Amazon Requests FAA Drone Testing Approval

NEW YORK  — Getting all your deliveries by drone is getting one step closer to reality.

Amazon has asked the Federal Aviation Administration for permission to conduct outdoor tests near its Seattle headquarters.

Amazon, in a letter to the FAA, said that it has already conducted indoor tests.

It says its drones will “travel over 50 miles per hour, and will carry 5-pound payloads.” That would cover 86% of products sold on Amazon, the company said.

Now Amazon is ready to move the project outside.

It said the drones will weigh up to 55 pounds.

For the tests, the drones would stay within sight and Amazon said it can force landings with a remote-controlled kill switch. If the communication link with the drone is broken, it would automatically return to a predetermined location on Amazon property.

Amazon said that it is only asking to do what private citizens are already doing all the time.

“Current FAA rules allow hobbyists and manufacturers of model aircraft wide latitude in flying their sUAS [small unmanned aircraft system] outdoors,” read the letter. “Because Amazon is a commercial enterprise we have been limited to conducting R&D flights indoors or in other countries.”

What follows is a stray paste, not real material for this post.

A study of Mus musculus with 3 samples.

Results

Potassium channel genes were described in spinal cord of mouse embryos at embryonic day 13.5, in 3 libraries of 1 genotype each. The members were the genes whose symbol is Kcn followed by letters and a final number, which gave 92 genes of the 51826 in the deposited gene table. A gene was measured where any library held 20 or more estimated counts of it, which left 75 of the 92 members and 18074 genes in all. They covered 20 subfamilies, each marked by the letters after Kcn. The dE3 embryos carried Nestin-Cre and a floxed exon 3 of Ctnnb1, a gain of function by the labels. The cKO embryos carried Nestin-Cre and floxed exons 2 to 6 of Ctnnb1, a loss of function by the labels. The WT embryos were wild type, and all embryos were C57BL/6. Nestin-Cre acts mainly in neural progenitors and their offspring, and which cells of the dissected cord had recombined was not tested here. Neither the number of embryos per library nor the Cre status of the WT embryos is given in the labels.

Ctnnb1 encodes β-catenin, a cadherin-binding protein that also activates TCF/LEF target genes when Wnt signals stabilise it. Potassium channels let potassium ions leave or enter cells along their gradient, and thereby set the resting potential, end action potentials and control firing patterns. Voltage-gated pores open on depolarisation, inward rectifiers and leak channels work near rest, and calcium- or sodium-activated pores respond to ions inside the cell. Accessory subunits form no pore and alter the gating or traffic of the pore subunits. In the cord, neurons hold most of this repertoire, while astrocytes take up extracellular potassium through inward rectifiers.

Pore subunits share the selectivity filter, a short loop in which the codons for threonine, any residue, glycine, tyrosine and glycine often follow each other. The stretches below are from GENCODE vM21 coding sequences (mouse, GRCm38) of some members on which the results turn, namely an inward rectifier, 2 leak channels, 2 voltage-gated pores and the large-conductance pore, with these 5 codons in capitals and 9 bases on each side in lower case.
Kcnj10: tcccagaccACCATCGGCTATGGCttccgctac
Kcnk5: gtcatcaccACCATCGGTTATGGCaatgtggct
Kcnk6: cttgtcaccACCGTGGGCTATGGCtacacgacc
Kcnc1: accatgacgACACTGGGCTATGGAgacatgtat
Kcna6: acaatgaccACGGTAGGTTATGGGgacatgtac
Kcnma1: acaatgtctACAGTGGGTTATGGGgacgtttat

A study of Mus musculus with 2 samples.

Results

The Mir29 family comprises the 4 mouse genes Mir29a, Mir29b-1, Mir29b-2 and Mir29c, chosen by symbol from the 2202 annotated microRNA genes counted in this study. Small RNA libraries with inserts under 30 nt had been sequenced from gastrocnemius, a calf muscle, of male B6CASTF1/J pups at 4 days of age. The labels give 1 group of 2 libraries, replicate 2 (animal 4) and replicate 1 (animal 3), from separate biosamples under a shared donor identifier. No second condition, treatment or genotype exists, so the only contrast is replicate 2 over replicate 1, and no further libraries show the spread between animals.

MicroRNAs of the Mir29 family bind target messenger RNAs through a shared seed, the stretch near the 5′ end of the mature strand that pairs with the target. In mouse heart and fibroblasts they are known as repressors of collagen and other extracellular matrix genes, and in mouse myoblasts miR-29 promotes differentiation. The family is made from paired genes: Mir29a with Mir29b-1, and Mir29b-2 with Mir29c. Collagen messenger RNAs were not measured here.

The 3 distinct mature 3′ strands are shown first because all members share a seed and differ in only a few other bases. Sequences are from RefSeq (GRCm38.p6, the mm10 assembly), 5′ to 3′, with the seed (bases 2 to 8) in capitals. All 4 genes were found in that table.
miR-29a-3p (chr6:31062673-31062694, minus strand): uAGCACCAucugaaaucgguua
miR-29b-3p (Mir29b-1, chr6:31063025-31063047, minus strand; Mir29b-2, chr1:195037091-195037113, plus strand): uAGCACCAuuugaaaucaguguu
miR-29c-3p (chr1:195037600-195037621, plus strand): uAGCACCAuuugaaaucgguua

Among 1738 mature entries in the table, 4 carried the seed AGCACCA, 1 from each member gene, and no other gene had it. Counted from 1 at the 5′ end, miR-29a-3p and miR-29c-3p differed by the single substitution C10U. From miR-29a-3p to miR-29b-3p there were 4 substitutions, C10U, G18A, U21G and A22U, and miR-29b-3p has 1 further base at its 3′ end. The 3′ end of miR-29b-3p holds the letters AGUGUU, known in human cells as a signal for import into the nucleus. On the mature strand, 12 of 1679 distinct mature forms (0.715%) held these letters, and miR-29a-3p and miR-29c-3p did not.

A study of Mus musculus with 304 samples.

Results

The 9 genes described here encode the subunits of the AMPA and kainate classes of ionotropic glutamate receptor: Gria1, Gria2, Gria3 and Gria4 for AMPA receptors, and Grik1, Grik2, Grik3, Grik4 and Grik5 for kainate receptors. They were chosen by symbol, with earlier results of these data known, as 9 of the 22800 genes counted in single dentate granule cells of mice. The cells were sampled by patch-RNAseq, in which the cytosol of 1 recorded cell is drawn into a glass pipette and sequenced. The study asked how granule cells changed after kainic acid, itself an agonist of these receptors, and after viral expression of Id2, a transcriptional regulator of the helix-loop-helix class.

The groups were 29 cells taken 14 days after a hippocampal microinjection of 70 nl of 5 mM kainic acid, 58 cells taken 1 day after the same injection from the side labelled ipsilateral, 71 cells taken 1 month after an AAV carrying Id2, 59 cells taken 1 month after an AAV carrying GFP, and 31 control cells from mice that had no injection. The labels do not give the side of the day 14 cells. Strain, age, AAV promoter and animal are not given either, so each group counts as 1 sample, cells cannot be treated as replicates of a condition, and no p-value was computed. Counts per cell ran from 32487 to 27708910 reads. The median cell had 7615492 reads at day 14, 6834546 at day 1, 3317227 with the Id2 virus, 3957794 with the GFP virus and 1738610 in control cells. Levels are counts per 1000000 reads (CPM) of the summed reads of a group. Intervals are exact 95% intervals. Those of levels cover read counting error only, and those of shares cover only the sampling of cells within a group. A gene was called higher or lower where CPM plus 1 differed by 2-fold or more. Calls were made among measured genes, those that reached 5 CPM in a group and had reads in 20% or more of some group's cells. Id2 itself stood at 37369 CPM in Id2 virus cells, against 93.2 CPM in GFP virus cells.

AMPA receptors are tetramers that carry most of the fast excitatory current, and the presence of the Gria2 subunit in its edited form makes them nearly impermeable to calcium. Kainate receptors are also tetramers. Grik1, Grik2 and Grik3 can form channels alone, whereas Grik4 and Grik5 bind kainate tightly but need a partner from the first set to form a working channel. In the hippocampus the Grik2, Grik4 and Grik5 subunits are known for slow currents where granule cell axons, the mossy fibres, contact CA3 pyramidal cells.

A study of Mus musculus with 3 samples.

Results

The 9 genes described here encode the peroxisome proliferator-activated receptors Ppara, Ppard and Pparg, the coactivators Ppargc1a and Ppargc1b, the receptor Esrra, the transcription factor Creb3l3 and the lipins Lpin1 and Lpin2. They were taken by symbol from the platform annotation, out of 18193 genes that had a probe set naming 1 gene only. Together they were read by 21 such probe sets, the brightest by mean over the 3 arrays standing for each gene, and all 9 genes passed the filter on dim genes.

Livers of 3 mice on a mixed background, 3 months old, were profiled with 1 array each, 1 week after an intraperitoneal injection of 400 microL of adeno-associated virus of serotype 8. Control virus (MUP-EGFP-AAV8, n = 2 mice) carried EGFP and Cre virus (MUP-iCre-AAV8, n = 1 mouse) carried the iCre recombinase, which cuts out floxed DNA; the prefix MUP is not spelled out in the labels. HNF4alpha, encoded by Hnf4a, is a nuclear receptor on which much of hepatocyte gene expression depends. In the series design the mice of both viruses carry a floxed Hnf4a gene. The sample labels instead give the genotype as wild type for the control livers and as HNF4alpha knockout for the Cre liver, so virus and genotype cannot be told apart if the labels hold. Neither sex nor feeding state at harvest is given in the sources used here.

Amazon said it would rather keep its R&D jobs in U.S. then export them outside the influence of the FAA.

The retailer did not return calls from CNNMoney. But to the FAA, the company painted an enticing picture of the future.

“Amazon Prime Air, a new delivery system that will get packages to customers in 30 minutes or less using aerial vehicles, is one invention we are incredibly passionate about,” said the retailer. “One day, seeing Amazon Prime Air will be as normal as seeing mail trucks on the road today, resulting in enormous benefits for consumers across the nation.”

3 comments

  • Sally

    I’m less worried about companies and the government having drones then I am private citizens having them. Our neighbor has an RC helicopter with a camera on it. I think private citizens are far more likely to invade other people’s privacy and put things out on the internet then Amazon or Uncle Sam. Amazon doesn’t care if I sunbathe nude in my backyard!

  • AG

    On the offset this sounds good. Delivery within 30 minutes of placing my order? Awesome! Have the complications been considered, however?

    What’s to keep someone from intercepting one of these drones and taking the drone and the contents of the package?

    These drones will most likely have video cameras to relay digital images of location back to its hub, what’s to protect private citizens from being spied on?

    Lastly, what’s to protect children or adults from injury should one of these drop it’s payload, or simply fall out of the sky?

    Seems like quite a risk to Amazon and citizens to agree to this venture.